ALAMEDA (KTVU) -- Two Alameda County Sheriff's deputies are facing criminal charges in connection with the beating of a man caught on tape.
Deputies Luis Santamaria, a 14-year-veteran, and Paul Wieber, a 3-year veteran, have been charged with three felonies, including assault with a deadly weapon, battery and assault under color of authority, authorities said. Bail was set at $140,000 for each deputy and they were expected to surrender by Wednesday, according to the district attorney.
An arraignment date for the deputies was pending. The charges stem from the beating of Stanislav Petrov, 29, last year.
The district attorney, FBI and San Francisco police conducted the internal investigation that led to the charges.
“Policing that violates our constitutional rights damages the reputation of every person that wears the uniform, and it damages the public’s perception of those that are sworn to serve.” District Attorney George Gascón said in a written statement. “When officers take the law into their own hands, they undermine the moral authority of the entire criminal justice system.”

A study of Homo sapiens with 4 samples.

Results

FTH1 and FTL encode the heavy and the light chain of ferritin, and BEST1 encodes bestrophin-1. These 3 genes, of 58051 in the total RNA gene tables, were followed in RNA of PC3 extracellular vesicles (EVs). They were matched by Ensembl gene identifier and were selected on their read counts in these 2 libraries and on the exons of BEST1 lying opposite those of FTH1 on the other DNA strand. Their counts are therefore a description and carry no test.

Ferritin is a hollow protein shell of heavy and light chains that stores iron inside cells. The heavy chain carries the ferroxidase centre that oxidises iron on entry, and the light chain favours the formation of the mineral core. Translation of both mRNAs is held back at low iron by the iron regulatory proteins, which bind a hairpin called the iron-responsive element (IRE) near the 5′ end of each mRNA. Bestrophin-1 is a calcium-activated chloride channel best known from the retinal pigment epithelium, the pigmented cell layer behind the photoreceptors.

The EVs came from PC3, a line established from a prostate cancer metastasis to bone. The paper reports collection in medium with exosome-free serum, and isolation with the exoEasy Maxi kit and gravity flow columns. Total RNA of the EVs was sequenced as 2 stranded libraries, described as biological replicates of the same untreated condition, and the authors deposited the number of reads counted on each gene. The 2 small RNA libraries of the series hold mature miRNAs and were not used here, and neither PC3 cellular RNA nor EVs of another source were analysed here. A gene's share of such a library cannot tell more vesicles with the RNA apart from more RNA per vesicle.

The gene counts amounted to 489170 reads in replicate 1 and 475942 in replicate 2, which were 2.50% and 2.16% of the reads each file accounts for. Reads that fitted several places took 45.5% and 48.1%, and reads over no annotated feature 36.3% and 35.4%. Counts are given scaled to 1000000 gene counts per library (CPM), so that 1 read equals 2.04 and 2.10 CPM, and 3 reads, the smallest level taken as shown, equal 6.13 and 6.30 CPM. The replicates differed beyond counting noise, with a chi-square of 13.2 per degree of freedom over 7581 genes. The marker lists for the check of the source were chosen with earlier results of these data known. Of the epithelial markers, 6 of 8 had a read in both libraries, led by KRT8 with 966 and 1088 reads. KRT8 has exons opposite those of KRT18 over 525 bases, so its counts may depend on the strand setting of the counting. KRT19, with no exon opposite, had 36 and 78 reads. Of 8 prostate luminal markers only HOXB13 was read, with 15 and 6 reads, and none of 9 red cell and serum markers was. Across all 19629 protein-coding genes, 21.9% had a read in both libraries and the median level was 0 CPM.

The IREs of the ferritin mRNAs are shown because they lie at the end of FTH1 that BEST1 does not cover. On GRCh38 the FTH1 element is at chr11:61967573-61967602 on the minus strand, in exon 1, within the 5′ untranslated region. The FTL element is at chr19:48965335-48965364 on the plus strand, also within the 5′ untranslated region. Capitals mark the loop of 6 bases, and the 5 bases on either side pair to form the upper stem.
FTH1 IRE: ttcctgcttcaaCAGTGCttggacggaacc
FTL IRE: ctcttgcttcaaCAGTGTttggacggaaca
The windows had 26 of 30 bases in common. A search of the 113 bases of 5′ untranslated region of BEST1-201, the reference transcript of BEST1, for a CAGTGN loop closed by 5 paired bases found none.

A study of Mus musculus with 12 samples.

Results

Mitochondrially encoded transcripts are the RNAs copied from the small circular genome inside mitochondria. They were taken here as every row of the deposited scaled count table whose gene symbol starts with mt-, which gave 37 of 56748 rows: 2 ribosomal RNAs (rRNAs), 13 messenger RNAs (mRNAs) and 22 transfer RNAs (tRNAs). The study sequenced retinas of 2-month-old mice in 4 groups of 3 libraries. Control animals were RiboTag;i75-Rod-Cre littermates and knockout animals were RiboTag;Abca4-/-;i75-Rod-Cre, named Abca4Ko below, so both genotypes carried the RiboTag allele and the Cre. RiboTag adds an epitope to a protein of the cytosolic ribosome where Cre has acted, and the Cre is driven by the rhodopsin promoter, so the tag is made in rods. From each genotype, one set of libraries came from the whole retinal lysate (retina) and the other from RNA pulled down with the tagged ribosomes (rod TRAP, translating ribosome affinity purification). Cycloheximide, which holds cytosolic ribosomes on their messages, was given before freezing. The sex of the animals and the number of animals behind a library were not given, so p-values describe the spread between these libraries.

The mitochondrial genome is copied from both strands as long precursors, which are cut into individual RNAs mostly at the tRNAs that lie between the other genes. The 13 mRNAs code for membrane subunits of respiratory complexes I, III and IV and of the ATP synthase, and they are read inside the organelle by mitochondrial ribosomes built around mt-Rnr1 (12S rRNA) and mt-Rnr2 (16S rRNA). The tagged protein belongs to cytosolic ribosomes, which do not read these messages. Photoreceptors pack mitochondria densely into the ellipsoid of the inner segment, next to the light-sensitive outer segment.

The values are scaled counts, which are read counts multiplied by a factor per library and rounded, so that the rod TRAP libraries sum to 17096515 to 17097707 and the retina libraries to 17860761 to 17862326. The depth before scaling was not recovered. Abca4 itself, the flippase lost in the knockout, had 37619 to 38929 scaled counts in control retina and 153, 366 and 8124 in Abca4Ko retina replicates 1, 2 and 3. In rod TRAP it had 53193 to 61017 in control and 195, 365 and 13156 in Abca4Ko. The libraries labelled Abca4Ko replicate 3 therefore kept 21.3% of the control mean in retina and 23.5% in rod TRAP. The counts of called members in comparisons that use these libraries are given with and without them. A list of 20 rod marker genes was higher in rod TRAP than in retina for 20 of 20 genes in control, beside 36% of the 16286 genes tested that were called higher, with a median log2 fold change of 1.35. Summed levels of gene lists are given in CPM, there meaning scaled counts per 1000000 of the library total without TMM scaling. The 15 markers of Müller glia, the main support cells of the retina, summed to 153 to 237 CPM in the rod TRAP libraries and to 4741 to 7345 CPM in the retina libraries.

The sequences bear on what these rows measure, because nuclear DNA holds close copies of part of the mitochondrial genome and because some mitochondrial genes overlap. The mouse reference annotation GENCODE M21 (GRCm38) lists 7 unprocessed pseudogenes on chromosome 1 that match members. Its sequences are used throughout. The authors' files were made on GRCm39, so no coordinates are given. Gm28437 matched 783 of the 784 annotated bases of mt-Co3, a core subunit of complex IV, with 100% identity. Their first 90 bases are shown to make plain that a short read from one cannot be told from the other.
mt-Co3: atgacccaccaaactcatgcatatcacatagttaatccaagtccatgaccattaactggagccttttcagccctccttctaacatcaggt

Surveillance video of the brutal beating from the Nov. 12, 2015 incident shows two sheriff's deputies tackling Petrov in a San Francisco alley. Authorities have said Petrov used the stolen vehicle to ram a sheriff's patrol car.
Deputies Luis Santamaria and Paul Wieber are seen chasing Petrov down the alley near Stevenson and Clinton Park in the city's Mission District. Petrov appears to stop and surrender. He is pushed to the ground and struck by the deputies' batons multiple times on the head.
His attorney, Mike Haddad, has said that his client suffered a concussion and broke nearly every finger bone in his hands. Petrov has filed a complaint against the county seeking monetary damages for what his attorney has said was "the worst law enforcement beating we've seen on video since Rodney King."
Petrov's attorneys have alleged the department engaged in a "vast cover up" that was exposed only because surveillance video of the incident was obtained by the city's Public Defender's Office and released publicly the following day.
The lawyers have said Petrov was trying to surrender when the deputies tackled him to the ground and struck him more than 40 times with their batons. According to written reports submitted by the deputies, Santamaria and Wieber wrote that they feared Petrov was about to ambush them.